On a recent trip to Minnesota, I had the opportunity to meet face-to-face with our customers, the farmers, producers and folks who use our public lands. It was clear how much Minnesotans love their state, especially the Boundary Waters. It is understandable that folks are paying close attention to possible mineral development in the area ("Secrecy on mining," editorial, Aug. 7).

The Boundary Waters offer a one-of-a-kind experience, which is why you want to ensure that your children and grandchildren can experience this beautiful natural resource for generations to come.

I want to set the record straight regarding the U.S. Department of Agriculture's (USDA) commitment to responsibly steward Minnesota's Boundary Waters Canoe Area Wilderness. Conservation and economic development are not mutually exclusive. The two can coexist, and the U.S. Department of Agriculture has a role in that balance by upholding our commitment to be good caretakers of the land and creating opportunities for local economies in rural America.

In the waning days of 2016, the Obama administration made a political decision to rush through paperwork, throw out precedent and ignore the voice of congressional representation in the area by unilaterally adding lengthy, duplicative steps to circumvent the traditional rigorous environmental impact study. The goal of that decision was to stop any mining altogether, halting the precedent of environmental impact studies and precluding any future decision from being based upon sound science.

Even Minnesota's own Sen. Amy Klobuchar was floored over the decision, saying, "It should have been handled through the normal process. It wasn't. … I am not for or against this project but I just wanted a fair process based on science that told us the truth. That is not how this feels."

Minnesotans deserve better. You deserve a process consistent with the law and that is applied elsewhere in the country.

As secretary of agriculture, it's my job to listen to the voice of rural America. And when others are forcing a big-city perspective, it's my job to be in tune with what's on the minds of Americans in our rural communities. That is why we support all the environmental studies of mineral leasing and development that have been done and will be done by the Department of the Interior's (DOI) Bureau of Land Management, a fair process consistent with how the federal government analyzes environmental impacts across the country. Going through the normal process, we can balance protecting our environment with economic opportunity for Minnesota.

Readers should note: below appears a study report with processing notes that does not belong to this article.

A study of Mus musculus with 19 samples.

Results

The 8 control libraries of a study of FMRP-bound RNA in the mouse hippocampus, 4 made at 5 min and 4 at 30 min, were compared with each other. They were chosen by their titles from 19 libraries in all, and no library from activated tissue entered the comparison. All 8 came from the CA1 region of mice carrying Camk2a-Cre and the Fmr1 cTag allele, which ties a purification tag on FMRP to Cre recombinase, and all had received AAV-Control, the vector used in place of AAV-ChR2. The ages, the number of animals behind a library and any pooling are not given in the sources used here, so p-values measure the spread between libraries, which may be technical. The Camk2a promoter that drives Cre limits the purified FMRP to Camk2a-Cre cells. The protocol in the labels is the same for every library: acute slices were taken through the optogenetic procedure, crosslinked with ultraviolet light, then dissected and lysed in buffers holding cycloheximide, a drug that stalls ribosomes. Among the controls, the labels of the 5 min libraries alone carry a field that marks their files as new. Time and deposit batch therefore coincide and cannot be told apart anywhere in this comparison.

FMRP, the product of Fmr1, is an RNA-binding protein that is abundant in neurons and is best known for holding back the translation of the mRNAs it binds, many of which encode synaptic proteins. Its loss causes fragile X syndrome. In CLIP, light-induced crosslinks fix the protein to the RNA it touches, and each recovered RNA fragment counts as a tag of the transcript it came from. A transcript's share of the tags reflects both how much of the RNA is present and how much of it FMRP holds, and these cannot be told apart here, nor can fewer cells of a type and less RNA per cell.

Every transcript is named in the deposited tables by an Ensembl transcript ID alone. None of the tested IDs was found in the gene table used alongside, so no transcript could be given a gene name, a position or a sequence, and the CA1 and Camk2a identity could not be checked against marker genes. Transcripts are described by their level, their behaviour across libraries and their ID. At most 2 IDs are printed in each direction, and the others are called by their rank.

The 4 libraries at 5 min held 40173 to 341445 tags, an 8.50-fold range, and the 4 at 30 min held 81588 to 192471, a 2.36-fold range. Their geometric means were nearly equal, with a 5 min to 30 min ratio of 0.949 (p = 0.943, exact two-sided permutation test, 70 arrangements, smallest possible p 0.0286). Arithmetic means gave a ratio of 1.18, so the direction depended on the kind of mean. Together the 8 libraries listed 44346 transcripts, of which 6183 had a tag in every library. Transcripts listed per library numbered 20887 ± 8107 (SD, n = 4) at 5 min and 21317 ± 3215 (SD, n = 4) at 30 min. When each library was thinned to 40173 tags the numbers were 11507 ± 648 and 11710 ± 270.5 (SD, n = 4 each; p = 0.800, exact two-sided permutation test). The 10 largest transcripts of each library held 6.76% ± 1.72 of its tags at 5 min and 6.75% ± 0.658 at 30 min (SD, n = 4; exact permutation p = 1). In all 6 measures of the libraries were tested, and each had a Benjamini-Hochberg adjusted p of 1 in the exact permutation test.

Approaching this issue on a case-by-case and local basis, rather than mandating an inflexible 20-year prohibition, meets both the economic and environmental needs of Minnesota's rural communities. Mineral exploration creates stable jobs in local communities, and the minerals produced from lands managed by the USDA Forest Service are critical to a variety of applications and technology — from medical and infrastructure applications to household appliances, smart phones, computers and cars.

Should the Bureau of Land Management lease and allow development of minerals underlying National Forest System land, existing regulations provide necessary safeguards to protect the watershed. The USDA would have a say on appropriate lease terms, conditions and stipulations. This means any mine-operating plans would undergo close review by the DOI and USDA. I'm confident any plan approved to move forward would preserve the high-quality fishing, wildlife viewing, recreational opportunities and wilderness character that Minnesotans and visitors from around the world enjoy in the Boundary Waters.

The USDA remains committed to ensuring that the Boundary Waters retains its natural beauty and recreational benefit. At the same time, additional economic opportunities generated by mineral exploration and development outside of the Boundary Waters can create jobs and increase wealth for Minnesota communities. When we follow the science in the normal manner, all individuals with a stake in the area have opportunities for their voices to be heard. This includes those who recreate with their families on the land as well as the workers who support their families by utilizing our nation's abundant natural resources.

At the USDA, we are returning to the scientific, fair, consistent and legal process that has guided our land-use agreements for the last 100 years — not the unfair political process in the final days of the prior administration that left the voice of some Minnesotans forgotten.

Sonny Perdue is U.S. secretary of agriculture.